Law Office of Michelle Ball 48900,48900.5,48915,discipline,truancy How To Survive Public School With Less Chance Of Discipline -What You Need To Tell Your Kids BEFORE They Go To School

How To Survive Public School With Less Chance Of Discipline -What You Need To Tell Your Kids BEFORE They Go To School


Last Updated on March 17, 2021 by Michelle Ball

By Michelle Ball, California Education Attorney for Students since 1995

Over the years, I have had my eyes opened far larger than the average parent on just what can lead to school discipline due to all the terrible stories I have heard in my law practice.  I often find myself trying to cram in general advice for parents on what to tell their kids so they will be less likely to get suspended or expelled.  Is it possible to prevent all chance of suspension or expulsion?  No.  However, perhaps a little wisdom shared with your kids may help them avoid some issues.
So, here are some simple things to share with your kids, whatever age they may be, to try to prevent problems long before they start:  
Things Brought to School
1)  Don’t bring any odd household objects to school.  For example, that steak knife, or that sharp thing from your recent trip, may mean discipline.
2)  Check your pants pockets prior to going to school and don’t leave any multitools or pocket knives in them.  Kids may go fishing over the weekend and drop a multitool with a blade into their pocket and wear the same pants to school.  We don’t want to bring these items to school.
3)  Same goes for backpacks, purses, and anything taken to school. [Parents- check their stuff too.]
4)  Never bring a weapon or fake weapon (e.g. airsoft gun), to school, for “protection” or for any other reason.

Found/Shared Items

5)  Don’t agree to hold anything for anyone else.  

6)  Don’t pick up that dangerous object you see on the ground- tell an adult if you wish (parents you decide on that one), but don’t touch it.  
Physical Contact
7)  Don’t hit or stab someone with something.  Even a pencil can be a weapon if used the wrong way.

8)  Hands off is a great policy. And no hitting, shoving, tripping, etc.
9)  Don’t get in that fight- handle it another way if possible as discipline usually follows regardless of who started it.  

10)  Don’t make fun of others for being fat, gay, from a certain country, for being male/female, etc.- this could lead to a bullying allegation and discipline.
11)  Don’t draw (e.g. doodling etc.) weapons, explosives or scenes of murder, decapitation, etc,.  Teachers and school staff are sensitive to these.

12)  Don’t repeat (verbally, in writing, etc.) violent lyrics.  The lyric “I’m gonna roll in and destroy you,” can be misinterpreted and be a basis for discipline.

13)  Don’t make lists of classmates for negative purposes or say you have a “list” of classmates you don’t like/want to hurt, etc.  
14)  Don’t tell anyone you are going to hurt them, may hurt them, someone will hurt them, etc.

15)  Don’t say or post that you are going to damage or harm the school, students, or a school staff member at any time.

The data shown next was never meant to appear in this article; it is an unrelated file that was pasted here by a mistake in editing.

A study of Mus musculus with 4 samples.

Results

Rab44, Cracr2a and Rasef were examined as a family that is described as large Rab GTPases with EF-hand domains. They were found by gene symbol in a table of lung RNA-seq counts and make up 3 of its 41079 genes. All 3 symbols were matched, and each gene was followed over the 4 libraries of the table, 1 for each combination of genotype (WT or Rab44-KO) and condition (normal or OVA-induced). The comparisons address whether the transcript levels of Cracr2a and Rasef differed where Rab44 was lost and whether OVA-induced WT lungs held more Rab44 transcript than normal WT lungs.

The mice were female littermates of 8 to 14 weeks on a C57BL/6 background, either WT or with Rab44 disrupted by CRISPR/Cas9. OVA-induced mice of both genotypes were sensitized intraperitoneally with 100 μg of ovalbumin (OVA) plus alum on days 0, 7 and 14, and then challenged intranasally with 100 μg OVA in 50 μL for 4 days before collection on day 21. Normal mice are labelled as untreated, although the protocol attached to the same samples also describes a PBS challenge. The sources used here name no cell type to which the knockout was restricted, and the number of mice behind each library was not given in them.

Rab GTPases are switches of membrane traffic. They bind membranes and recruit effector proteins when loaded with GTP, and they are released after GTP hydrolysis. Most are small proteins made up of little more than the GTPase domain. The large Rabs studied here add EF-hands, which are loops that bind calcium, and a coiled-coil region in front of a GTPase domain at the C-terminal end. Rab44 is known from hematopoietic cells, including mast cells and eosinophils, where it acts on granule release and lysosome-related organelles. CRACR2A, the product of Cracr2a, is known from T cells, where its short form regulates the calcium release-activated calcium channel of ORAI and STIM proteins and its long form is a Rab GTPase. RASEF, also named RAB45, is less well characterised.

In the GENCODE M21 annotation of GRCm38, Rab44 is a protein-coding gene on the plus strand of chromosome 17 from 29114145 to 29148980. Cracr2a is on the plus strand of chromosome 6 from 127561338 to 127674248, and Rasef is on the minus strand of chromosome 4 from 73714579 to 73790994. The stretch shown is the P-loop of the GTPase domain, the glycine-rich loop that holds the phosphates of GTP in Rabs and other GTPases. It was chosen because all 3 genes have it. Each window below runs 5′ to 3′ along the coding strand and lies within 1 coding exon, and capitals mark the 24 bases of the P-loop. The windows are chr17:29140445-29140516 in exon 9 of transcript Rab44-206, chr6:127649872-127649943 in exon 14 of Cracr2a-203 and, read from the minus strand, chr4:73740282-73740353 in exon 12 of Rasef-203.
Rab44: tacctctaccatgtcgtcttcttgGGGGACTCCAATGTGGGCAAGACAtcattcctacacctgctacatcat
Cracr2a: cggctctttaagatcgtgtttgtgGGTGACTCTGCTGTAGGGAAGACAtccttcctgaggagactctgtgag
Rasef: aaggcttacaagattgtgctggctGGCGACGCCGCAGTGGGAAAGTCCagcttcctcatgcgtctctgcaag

Social Media
16)  Be very careful what you post, like, comment on, and what student groups you join on line.  I have seen students punished for posting/liking a post that was allegedly improper and for being in a group which made fun of students.
17)  Don’t take or post photos with weapons or imitation weapons (e.g. air soft guns).
18)  Be careful what you text/photograph/forward.

19)  A “private group” is not really a private group on line.  Other students (even non-members) or a parent may turn in something inappropriate.  Just get your kids to understand that ultimately, nothing is really “private” on line, regardless how small the group.

stocksnap_6req95cnq820)  Snapchat, despite rumors, is definitely not a safe place to post things – many kids think Snapchat means instant post then gone forever.  You don’t know how many times I have had Snapchat posts as a basis for discipline.  People screenshot items and turn them in to schools all the time.
21)  No nude photos of yourself or others.  And don’t pass them on if someone sends these to you.

22)  Be careful with relationships- I have many times seen girls make allegations against boys which get them in trouble, and the boys have no defense if no one else is there.  This applies to all genders and all types of relationships.
23)  Don’t agree to get any improper substance for anyone, for free, paid or otherwise.  No controlled substances should be exchanged.
24)  No possession of nicotine, vaping material, drugs, alcohol, or drug paraphernalia.
25)  Marijuana is still prohibited.
26)  Don’t carry anyone else’s prescriptions or medications.
27)  All prescription or non-prescription medications (even cough drops) must be okayed by the school office, and if you want to carry them, the school must okay this.  No sharing your medications.
28)  Report bullying to your parent and to the office in written/online form so there is a record.

29)  Use basic manners and common sense at school- if it feels its wrong, maybe it is.

30)  A day off of school for a vacation or personal reasons (other than religious, funeral, medical  or other legitimate excused), will be an unexcused absence.  If you will go out of town for a vacation during school time, get advanced approval of a short term independent study contract so there are no truancy issues.
And last but not least, have a plan if your child gets called into the office on what they need to do, how they can get a hold of you (the parent) when the office won’t let them call you – e.g. texting you- and what they should say or not say at the office.   
This does not cover all possibilities, but it should be enough to get a productive conversation started.